Well folks, we finally cast off the dock lines! No more living on a dock with easy access to land and hot showers for us. Chance is now a living-at-anchor kind of boat. After trying for days to actually leave, we made the move this past weekend. We emptied out our storage locker we still had, loaded up the boat which raised our water line a good couple of inches and made our way to the fuel dock.
To get to the anchorage at Cocoa Village we had to go through the Canaveral Bridge, the Canaveral Locks, cross the Banana River, through the Barge Canal, the State Route 3 Bridge and then make our way down the Indian River. A simple 15 minute drive took us about 2 1/2 hours on our sailboat.
Luckily we timed both bridges pretty well and didn’t really have to wait too long for them to raise them so we could pass under. We didn’t really have to wait very long for the locks either. We entered them right away and tied up and then only waited maybe 5 minutes for them to open the locks for us to pass through. There were a pair of dolphin in there with us. I was amazed at how they knew how to wait and would be let through. We also saw our first gator but he decided to hang out in the locks. I was pretty nervous about the locks as many other women had told me their horror stories about trying to tie up to them and missing the cleats and almost ruining their passage through. However, when we got there all I did was grab one of the big cleats using the line tied to our midship cleat and then I hooked on the bow line while Jason got the stern line. Depending on the tide at the time of passage your boat can raise or lower a few feet when they open the locks but we didn’t move at all. As with most things on this boat I was prepared for the worst but pleasantly surprised at how the situation played out.
After successfully making it through the locks we made a call to anchor out for the night near Ski Island and finish our journey in the morning. It was getting too late in the night and we really didn’t want to navigate the new anchorage in the dark. The moon that night was incredible! It was huge and gave us a nice little light while we drank wine in our cockpit. This living on the hook thing is pretty sweet.
The next morning we woke to SO MANY feeding manatees and dolphins – more than we had seen in the whole time being in the water. It was pretty magical. The dolphin even got within a few feet of our boat a couple of times. Every time I would whip out the camera those suckers would jet off. Before we headed out we took our first family dinghy ride over to Ski Island to let the dogs run around for a bit. They haven’t gotten the hang of using their grass mat yet so they had some business to take care of. The island had a pretty long sand bar that Riley willingly went out to explore with Jason. He’s still a bit water shy so it is always nice when we don’t have to drag him in.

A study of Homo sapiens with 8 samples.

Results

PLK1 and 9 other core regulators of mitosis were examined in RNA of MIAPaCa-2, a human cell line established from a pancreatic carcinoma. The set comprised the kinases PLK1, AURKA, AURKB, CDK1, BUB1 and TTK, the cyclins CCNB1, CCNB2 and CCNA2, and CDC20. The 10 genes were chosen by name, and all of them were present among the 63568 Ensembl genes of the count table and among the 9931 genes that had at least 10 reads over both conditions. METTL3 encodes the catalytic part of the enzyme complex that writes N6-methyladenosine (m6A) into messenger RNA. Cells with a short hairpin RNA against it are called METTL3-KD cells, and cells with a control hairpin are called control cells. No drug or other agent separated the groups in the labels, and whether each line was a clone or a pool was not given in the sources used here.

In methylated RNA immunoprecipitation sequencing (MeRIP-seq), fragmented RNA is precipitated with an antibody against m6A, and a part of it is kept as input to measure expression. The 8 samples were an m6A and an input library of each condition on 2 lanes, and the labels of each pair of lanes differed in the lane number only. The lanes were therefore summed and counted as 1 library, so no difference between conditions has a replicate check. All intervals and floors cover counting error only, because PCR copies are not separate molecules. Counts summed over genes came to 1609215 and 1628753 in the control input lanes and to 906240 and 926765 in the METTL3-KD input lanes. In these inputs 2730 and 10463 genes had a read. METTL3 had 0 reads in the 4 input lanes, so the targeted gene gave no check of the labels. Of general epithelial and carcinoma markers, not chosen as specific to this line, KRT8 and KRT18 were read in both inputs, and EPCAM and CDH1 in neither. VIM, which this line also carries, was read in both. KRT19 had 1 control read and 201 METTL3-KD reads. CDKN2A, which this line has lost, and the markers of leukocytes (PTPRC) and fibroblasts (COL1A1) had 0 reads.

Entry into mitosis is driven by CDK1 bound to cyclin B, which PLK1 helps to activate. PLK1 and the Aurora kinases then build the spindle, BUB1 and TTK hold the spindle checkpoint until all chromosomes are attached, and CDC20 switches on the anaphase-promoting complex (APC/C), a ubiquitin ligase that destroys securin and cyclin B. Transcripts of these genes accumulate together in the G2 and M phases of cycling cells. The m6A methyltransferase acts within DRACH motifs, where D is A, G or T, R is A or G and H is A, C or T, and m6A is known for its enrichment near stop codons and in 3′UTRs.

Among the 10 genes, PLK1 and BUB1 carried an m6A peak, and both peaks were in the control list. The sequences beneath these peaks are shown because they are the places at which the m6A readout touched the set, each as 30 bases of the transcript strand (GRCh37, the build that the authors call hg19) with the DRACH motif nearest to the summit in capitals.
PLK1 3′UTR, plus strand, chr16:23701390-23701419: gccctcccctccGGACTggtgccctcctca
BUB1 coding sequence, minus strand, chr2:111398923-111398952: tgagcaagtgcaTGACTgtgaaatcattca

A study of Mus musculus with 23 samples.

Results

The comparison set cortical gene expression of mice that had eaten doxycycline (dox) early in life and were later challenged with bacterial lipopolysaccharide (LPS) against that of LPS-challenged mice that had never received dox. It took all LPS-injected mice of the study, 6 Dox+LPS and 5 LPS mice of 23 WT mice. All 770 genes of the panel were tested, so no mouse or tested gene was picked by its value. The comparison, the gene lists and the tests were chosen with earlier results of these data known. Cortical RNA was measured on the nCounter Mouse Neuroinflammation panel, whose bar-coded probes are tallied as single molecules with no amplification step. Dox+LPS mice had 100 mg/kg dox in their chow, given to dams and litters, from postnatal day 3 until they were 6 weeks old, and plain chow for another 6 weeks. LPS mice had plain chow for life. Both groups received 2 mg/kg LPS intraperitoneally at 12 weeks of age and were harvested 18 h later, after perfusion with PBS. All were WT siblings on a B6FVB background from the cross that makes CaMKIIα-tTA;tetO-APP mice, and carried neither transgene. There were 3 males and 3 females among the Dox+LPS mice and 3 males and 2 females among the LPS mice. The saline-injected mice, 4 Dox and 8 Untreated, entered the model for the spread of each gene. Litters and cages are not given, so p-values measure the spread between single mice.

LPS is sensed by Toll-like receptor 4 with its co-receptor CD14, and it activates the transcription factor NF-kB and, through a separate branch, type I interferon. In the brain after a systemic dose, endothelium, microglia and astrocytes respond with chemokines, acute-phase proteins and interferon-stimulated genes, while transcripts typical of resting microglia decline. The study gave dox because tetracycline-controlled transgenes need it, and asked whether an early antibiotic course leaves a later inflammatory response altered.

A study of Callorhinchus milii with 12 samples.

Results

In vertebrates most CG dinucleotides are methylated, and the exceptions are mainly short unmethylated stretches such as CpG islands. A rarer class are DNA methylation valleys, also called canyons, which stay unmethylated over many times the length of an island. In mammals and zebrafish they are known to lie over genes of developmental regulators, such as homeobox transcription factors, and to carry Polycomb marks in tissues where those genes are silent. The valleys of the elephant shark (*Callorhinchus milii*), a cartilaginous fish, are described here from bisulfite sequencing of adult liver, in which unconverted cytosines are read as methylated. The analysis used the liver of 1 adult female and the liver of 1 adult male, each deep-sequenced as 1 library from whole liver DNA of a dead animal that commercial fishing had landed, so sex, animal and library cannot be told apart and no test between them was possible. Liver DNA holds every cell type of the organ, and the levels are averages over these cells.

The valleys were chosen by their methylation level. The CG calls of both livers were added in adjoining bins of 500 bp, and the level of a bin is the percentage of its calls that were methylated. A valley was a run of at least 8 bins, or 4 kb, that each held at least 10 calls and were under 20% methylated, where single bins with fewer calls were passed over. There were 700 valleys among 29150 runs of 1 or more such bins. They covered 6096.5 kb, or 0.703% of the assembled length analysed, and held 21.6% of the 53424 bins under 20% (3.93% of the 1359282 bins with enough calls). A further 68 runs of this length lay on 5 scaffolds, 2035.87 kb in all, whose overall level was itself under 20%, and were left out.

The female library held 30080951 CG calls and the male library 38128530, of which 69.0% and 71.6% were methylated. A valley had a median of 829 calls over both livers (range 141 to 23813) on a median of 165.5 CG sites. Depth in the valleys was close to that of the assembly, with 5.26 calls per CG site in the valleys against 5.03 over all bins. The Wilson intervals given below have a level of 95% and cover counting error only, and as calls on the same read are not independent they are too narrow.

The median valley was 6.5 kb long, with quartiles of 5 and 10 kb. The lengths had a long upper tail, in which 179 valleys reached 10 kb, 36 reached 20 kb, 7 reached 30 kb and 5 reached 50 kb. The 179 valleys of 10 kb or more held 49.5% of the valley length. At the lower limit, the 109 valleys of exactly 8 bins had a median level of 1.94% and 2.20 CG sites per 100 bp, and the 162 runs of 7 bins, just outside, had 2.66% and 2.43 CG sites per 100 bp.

After a nice morning we headed towards the Barge Canal to finish our journey. We had zero wind and had to motor the whole way. It wasn’t too bad of a stretch though as we had a few pods of dolphin playing around our boat. We timed the last bridge pretty well and I only had to do one donut while we waited for it to open. I still find it amazing that our little sailboat has the power to stop traffic. Once we made it out into the Indian River we threw up the sails and gave our engine a break. The wind went in and out and we made the very slow sail to our anchorage.
While Jason and I are still getting the hang of living on the hook (anchor) and remembering to charge all our electronics when the sun is shining and our solar panels are generating power, our dogs have already learned that a dinghy ride means they get to go to shore and they get super excited about it. We hope to only stay here until just after Thanksgiving giving us about 2 weeks to get this all figured out. Wish us luck!